Stop unwanted marketing texts

Harriet Meyer / 08 May 2015

Keep getting SMS text messages from companies trying to sell you goods and services? We explain how to deal with unwanted marketing texts.



Most of us have experienced the annoyance of finding marketing messages on our mobiles trying to sell us items, or flag the latest sale.

Unlike spam messages from rogue companies, these should at least give the name and details of the company concerned.

Unfortunately you’ll probably have provided your number at some stage to receive these, although this may have been unknowingly. For example, by failing to tick or untick a box on a form saying you want to opt out of any future marketing messages.

Your details may even have been passed to third parties, increasing the number of potential unwanted messages you get. However, there are ways to reduce the number received. Here are five tips.

 

1. Text ‘STOP’

Often a message will tell you to do this if you want to stop receiving texts. The company has to take note and remove you from lists for future marketing purposes.

Yet make sure it’s definitely a marketing message, and not one from a rogue claims or compensation firm, or you risk receiving more spam. 

Search for the company’s name on the internet to check that it is legitimate. Entering the number that texted you into a search engine could also help you distinguish between scams and marketing texts.

 

2. Contact the company

If your request to stop the messages is ignored, contact the company concerned. Ask to be removed from its database. You may find details on its website on how to do this, or if you’re really bothered it’s worth giving them a call.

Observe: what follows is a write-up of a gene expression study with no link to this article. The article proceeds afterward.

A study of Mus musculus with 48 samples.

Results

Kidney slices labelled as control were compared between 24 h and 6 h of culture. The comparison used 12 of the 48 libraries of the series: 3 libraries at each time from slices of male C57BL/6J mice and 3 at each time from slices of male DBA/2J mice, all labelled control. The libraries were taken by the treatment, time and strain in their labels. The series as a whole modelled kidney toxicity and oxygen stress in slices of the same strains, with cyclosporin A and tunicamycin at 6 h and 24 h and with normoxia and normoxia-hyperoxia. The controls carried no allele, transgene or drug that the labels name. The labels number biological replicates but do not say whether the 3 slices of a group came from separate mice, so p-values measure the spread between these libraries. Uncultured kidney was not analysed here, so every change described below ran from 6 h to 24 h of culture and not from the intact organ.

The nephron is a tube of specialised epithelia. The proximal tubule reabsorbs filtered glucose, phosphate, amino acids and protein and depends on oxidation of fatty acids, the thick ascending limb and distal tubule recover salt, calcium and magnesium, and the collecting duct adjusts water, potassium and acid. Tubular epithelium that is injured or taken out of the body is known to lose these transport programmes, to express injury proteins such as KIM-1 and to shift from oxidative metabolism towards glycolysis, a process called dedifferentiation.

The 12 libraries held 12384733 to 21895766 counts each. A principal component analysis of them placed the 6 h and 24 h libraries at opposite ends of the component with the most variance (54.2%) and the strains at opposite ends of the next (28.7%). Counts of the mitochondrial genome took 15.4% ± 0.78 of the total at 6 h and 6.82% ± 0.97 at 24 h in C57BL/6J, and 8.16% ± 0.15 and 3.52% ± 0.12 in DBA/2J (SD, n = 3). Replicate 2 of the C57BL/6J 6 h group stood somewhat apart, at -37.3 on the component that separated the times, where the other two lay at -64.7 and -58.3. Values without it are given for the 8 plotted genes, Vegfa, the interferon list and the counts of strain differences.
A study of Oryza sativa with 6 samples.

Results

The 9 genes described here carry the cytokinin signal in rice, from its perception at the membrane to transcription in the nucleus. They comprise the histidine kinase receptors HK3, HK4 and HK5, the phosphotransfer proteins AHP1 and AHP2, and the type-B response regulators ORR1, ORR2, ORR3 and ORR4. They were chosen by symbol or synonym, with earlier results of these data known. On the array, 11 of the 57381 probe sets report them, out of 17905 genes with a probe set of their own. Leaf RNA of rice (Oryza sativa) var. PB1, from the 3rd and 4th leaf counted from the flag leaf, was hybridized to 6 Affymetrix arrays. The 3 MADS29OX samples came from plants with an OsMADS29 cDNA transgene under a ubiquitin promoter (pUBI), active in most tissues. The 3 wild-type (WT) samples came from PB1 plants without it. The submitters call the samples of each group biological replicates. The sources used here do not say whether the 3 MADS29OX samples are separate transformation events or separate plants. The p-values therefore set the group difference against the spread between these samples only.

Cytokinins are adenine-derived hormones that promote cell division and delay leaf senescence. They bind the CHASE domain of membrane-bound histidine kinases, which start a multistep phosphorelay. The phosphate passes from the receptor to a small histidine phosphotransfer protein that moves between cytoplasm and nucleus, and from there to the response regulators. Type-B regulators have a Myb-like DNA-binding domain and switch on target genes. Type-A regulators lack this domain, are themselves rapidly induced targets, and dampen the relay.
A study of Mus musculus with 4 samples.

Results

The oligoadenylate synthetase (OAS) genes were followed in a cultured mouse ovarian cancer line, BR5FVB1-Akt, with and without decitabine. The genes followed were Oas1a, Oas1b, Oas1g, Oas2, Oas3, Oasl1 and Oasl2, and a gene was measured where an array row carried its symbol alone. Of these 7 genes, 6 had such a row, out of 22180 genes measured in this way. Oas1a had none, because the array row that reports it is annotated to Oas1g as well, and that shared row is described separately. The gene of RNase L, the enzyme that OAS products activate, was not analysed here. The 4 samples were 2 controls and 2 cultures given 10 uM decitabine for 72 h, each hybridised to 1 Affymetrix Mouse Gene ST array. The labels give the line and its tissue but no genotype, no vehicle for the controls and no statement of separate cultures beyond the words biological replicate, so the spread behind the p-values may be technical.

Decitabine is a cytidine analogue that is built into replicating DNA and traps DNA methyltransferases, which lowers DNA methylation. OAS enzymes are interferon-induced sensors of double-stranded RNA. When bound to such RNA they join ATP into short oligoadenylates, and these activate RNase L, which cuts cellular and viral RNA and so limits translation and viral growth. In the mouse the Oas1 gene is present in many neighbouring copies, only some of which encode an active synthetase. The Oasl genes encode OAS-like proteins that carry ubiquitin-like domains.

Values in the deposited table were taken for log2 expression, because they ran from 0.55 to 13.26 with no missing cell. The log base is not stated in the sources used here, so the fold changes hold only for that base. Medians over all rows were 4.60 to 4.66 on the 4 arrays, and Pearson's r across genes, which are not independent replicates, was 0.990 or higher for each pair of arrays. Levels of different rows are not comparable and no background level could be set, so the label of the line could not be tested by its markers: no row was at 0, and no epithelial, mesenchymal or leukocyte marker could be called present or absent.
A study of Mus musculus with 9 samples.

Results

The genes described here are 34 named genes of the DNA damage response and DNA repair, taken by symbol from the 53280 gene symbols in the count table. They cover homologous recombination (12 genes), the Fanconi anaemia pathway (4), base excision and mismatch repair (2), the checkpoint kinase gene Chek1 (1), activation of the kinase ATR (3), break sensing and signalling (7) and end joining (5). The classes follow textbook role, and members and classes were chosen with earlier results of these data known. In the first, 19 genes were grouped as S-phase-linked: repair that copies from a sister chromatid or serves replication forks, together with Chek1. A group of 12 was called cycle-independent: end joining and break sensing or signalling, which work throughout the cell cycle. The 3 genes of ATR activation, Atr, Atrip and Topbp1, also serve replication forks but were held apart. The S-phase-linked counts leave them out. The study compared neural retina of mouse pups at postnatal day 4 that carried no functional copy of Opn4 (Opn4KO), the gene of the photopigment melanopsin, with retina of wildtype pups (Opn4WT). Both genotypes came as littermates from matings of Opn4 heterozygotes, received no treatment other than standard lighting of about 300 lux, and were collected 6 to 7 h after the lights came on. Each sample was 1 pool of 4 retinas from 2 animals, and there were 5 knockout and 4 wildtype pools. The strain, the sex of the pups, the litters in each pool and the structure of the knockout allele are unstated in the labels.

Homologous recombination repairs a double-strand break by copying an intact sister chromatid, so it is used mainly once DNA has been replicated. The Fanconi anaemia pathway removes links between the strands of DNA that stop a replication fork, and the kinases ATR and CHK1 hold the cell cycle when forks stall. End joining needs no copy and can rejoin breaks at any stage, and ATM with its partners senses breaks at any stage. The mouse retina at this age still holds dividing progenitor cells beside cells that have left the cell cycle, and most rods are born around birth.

Getting lots of nuisance calls? Find out how to beat them. 

 

3. Make an official complaint

If nothing works, consider complaining to the Information Commissioner. It has the power to force companies to stop bombarding consumers with messages, and can impose fines of up to £500,000. However, it’s power is usually aimed at unlawful firms.

You can check the ICO’s website for information on recent investigations before making a complaint.

 

4. Check the fine print

Anything you sign should give details of privacy policies and marketing opt-outs. Make sure to pay close attention, as these can be buried in the small print. You could inadvertently hand out your number to a range of companies without even realizing.

Worried about bogus callers? Read our tips on dealing with doorstep sellers and scammers. 

 

5. Don’t give your number out

All of us at some stage are asked for our contact details when filling in forms. Always ask yourself: is this really necessary?

Unless vital, avoid giving your number out to stores. It’s an easy mistake to make, and can snowball with details being passed from one company to another.

Being vigilant about when and where you give out your number should reduce the number of unwanted marketing texts received.


The opinions expressed are those of the author and are not held by Saga unless specifically stated.

The material is for general information only and does not constitute investment, tax, legal, medical or other form of advice. You should not rely on this information to make (or refrain from making) any decisions. Always obtain independent, professional advice for your own particular situation.